Ohio Inches Towards Adult-Use Legalization, Three Paths Considered

by Chad Blackham, Esq., Mac Murray & Shuster LLP

Recent bills and ballot initiatives suggest that adult-use (i.e., recreational) cannabis may be coming to Ohio in the near future. However, with the State currently considering three separate paths toward legalization, the key question now seems to be just as much how as when.

The first path toward legalization was put forth in July via a bill introduced by Democratic State Representatives Casey Weinstein and Terrence Upchurch. The bill seeks to permit recreational cultivation and possession of cannabis, expunge cannabis convictions and institute a tax to help fund education, infrastructure maintenance and cannabis research. The bill would also allow businesses under Ohio’s existing Medical Marijuana Control Program (MMCP) to obtain licenses for recreational programs.

Republican State Representatives Jamie Callender and Ron Ferguson followed with a second, similar proposal for adult-use cannabis legalization in mid-October. Like its Democrat counterpart, the Republican bill seeks to legalize possession and cultivation of adult-use cannabis, retroactively expunge certain cannabis-related convictions and grandfather in existing MMCP licensees while establishing a framework for the licensure of new applicants. The Republican proposal would also introduce an excise tax to help combat drug addiction and drug trafficking.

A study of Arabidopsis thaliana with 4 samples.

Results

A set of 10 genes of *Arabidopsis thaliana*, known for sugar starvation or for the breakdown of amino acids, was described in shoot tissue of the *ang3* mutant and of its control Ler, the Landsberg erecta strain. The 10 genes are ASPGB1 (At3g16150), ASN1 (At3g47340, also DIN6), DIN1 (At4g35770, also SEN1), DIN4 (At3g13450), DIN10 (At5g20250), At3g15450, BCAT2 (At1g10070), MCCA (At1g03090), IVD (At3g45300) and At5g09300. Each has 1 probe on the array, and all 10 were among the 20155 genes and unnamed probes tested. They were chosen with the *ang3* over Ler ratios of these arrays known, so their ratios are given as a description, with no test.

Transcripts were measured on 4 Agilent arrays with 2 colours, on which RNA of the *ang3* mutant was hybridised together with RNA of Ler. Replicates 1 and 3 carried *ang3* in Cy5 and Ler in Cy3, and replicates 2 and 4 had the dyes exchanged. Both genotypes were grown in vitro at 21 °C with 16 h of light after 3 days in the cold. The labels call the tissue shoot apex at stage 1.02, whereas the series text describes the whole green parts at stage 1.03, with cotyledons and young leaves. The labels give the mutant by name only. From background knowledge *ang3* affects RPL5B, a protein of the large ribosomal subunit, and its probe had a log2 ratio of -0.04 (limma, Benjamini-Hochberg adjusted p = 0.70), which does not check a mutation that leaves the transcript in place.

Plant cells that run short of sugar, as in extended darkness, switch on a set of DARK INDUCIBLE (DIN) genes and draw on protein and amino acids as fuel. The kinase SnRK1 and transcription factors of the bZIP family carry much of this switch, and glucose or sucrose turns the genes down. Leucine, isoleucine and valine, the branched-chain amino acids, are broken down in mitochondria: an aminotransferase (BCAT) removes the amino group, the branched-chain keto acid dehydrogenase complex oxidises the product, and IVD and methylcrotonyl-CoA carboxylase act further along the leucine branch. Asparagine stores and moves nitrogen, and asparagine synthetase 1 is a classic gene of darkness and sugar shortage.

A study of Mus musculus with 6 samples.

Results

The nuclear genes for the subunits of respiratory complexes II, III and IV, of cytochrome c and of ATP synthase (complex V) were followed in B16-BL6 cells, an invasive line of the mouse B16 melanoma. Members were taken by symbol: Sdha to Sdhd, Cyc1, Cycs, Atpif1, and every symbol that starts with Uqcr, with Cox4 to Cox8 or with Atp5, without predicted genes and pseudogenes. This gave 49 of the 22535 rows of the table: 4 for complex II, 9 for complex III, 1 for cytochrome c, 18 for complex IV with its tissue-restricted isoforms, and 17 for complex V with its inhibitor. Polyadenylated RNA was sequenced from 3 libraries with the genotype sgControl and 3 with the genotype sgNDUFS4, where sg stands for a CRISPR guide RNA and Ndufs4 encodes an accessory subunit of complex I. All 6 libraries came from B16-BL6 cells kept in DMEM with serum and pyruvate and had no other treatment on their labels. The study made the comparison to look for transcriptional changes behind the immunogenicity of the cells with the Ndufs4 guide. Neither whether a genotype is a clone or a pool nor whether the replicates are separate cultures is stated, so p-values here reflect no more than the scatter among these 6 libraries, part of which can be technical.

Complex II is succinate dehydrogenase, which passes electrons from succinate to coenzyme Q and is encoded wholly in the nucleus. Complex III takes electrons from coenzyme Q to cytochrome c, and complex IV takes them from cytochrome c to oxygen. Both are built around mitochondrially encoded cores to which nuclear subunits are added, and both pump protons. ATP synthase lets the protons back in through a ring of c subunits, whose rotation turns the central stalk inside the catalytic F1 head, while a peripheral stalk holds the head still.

The third avenue being considered is through what Ohio refers to as an “initiated statute,” which permits citizens to submit proposed laws for a statewide vote. The initiated statute, backed by advocacy group Coalition to Regulate Marijuana Like Alcohol, was approved by the Ohio Ballot Board in August. Should the Coalition gather the roughly 133,000 signatures needed, the proposal would be sent to the Ohio General Assembly for a vote. The Assembly would then have four months to act on the proposed law, which would end cannabis prohibition, allow expansion of an adult-use market, create a new Division of Cannabis Control regulatory authority under the Ohio Department of Commerce, and establish a social equity fund.

Regardless of the path chosen, adult-use cannabis is likely to have significant ramifications for the Buckeye State’s economy such as increased tax revenue and new social equity initiatives. Often seen as a bellwether state, Ohio’s legalization of adult-use cannabis may also have implications for other areas of the country, or even at the federal level, as legalization continues to spread throughout the nation.

Reprinted with permission from Mac Murray & Shuster LLP.


Blackham

Often seen as a bellwether state, Ohio’s legalization of adult-use cannabis may also have implications for other areas of the country, or even at the federal level, as legalization continues to spread throughout the nation.